Prestigious Award Lights Up Tsao's Wide-Ranging Career
(Targeted News Service Via Acquire Media NewsEdge) ALBUQUERQUE, N.M., March 12 -- The U.S. Department of Energy's Sandia National Laboratories issued the following news release:
Jeff Tsao has seen it all in his 29-year Sandia National Laboratories career, from research to management to entrepreneurship. But being an idea guy is what he likes best. "It's what I naturally gravitate toward," Tsao said.
Tsao is a researcher in the solid-state lighting group, working to cut back the worldwide cost of electricity by using semiconductor light-emitting diodes as sources of illumination instead of electrical filaments, plasma or gas.
This year Tsao became the 13th Sandia staff member honored with an Asian American Engineer of the Year (AAEOY) award. The prestigious recognition program was started in 2001 by the Chinese Institute of Engineers-USA to honor outstanding Asian American professionals in science and engineering for their leadership, technical achievement and public service.
This year's 12th annual event was held March 2 in Dallas as a finale to National Engineers Week. Albuquerque hosted the 2012 AAEOY last March with Sandia President and Laboratories Director Paul Hommert as keynote speaker.
Since 2002, some 160 engineers from leading U.S. technology corporations, research institutions and the U.S. Armed Forces have received the AAEOY award, including seven Nobel laureates.
"Getting this award is an amazing honor," Tsao said.
Tsao is a Los Angeles native who attended Stanford University, earning in four years a bachelor's in math and a master's in electrical engineering. Grad school took him to the opposite side of the country and Harvard University.
"Harvard was great, but that first year was tough coming from perfect weather in California," he said. "My first winter in Boston was the famous blizzard of '78. The storm was so bad that Harvard had to shut down. Here I was this California kid wearing flip flops. I figured I'd better get some real shoes."
With a doctorate in applied physics in hand, Tsao arrived at Sandia in 1984.
He had a background in lasers, laser spectroscopy and quantum electronics, and a strong interest in materials science. He joined a project involving pulsed laser annealing of silicon to look at the dynamics of ultra-fast crystal growth. He later switched to a study of crystal growth on a slower time scale using a then-emerging technique, molecular beam epitaxy.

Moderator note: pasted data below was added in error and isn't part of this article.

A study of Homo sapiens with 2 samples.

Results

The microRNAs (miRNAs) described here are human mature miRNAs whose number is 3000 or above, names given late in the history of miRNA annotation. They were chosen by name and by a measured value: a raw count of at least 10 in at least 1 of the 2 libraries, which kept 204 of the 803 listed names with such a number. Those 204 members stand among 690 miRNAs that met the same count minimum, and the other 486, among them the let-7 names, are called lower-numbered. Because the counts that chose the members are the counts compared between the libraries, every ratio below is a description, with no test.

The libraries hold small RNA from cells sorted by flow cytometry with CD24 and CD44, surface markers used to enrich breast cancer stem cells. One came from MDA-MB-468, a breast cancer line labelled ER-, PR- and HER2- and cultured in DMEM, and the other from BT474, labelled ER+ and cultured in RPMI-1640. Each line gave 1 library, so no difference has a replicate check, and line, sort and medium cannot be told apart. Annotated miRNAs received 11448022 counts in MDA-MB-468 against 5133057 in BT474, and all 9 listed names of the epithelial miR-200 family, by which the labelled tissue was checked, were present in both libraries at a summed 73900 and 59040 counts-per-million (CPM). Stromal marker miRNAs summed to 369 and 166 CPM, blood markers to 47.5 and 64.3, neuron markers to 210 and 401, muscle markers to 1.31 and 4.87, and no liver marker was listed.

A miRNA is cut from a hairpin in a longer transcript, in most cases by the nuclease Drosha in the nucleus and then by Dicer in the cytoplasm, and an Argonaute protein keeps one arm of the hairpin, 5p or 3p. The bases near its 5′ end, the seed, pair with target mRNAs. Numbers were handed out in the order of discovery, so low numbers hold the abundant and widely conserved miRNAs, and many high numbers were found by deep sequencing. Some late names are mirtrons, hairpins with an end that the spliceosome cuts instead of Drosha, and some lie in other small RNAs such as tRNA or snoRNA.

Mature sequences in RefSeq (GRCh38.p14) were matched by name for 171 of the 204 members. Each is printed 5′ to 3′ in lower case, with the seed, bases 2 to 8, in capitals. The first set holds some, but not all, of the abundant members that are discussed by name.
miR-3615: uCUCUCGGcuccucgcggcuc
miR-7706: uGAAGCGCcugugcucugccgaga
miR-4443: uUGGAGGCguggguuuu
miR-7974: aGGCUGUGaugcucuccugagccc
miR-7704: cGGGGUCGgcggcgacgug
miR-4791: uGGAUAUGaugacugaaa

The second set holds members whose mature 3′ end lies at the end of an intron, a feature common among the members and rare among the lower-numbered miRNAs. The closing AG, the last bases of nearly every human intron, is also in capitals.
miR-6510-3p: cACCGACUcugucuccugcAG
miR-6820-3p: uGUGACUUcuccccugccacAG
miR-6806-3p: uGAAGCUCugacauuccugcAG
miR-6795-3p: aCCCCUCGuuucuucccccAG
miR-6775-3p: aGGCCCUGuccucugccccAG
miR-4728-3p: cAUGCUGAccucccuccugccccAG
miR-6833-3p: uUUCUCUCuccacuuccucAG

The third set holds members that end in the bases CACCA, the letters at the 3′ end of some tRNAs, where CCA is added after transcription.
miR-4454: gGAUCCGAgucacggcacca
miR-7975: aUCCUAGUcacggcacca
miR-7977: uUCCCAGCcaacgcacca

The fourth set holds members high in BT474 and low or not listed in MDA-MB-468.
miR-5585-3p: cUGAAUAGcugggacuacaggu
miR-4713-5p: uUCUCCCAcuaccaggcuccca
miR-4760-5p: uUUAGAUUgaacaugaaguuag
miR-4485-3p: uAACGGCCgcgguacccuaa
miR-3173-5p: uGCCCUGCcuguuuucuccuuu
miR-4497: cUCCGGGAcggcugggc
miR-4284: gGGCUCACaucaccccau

Tsao wrote a book, "Materials Fundamentals of Molecular Beam Epitaxy," and in the early 1990s became a manager in Sandia's Microelectronics and Microsystems center. About seven years later, aware of the commercial potential of semiconductor materials and devices, he took an entrepreneurial leave of absence to work at a small Los Angeles startup company that made fiber optic communications components.
"I spent a year there," Tsao said. "I wanted to see how the high-tech world functioned."
He returned to Sandia in 2001 as a researcher in the solid state lighting group. "It was the beginning of a new field," Tsao said. "At first nobody had a clue if it would take off. It was kind of a dream, but we could see the potential. Now nobody has any doubt it will pretty much replace every light bulb on Earth."
Jerry Simmons, senior manager of Sandia's Semiconductors and Optical Sciences department, said Tsao was one of the first people to push for a national initiative in solid-state lighting, coauthoring a white paper on the topic in 1999 with Jeff Nelson of Sandia and Fred Kish and Roland Haitz of Hewlett Packard.
In subsequent years, Tsao was instrumental in helping identify and articulate the major science and technology research challenges for solid-state lighting. Simmons said Tsao also did an "amazing" study on the consumption of light across several continents going back 300 years, showing that humanity tends to spend roughly 0.7 percent of its gross domestic product on lighting, regardless of its efficiency or of standard of living.
Tsao said his career has spanned a wide range of work, from in-the-lab experimental science to management and entrepreneurship to serving the larger research community through papers, roadmaps and forward-looking ideas.
"Most importantly, it's been full of wonderful friends, colleagues, and managers," he said. "And for that I am grateful."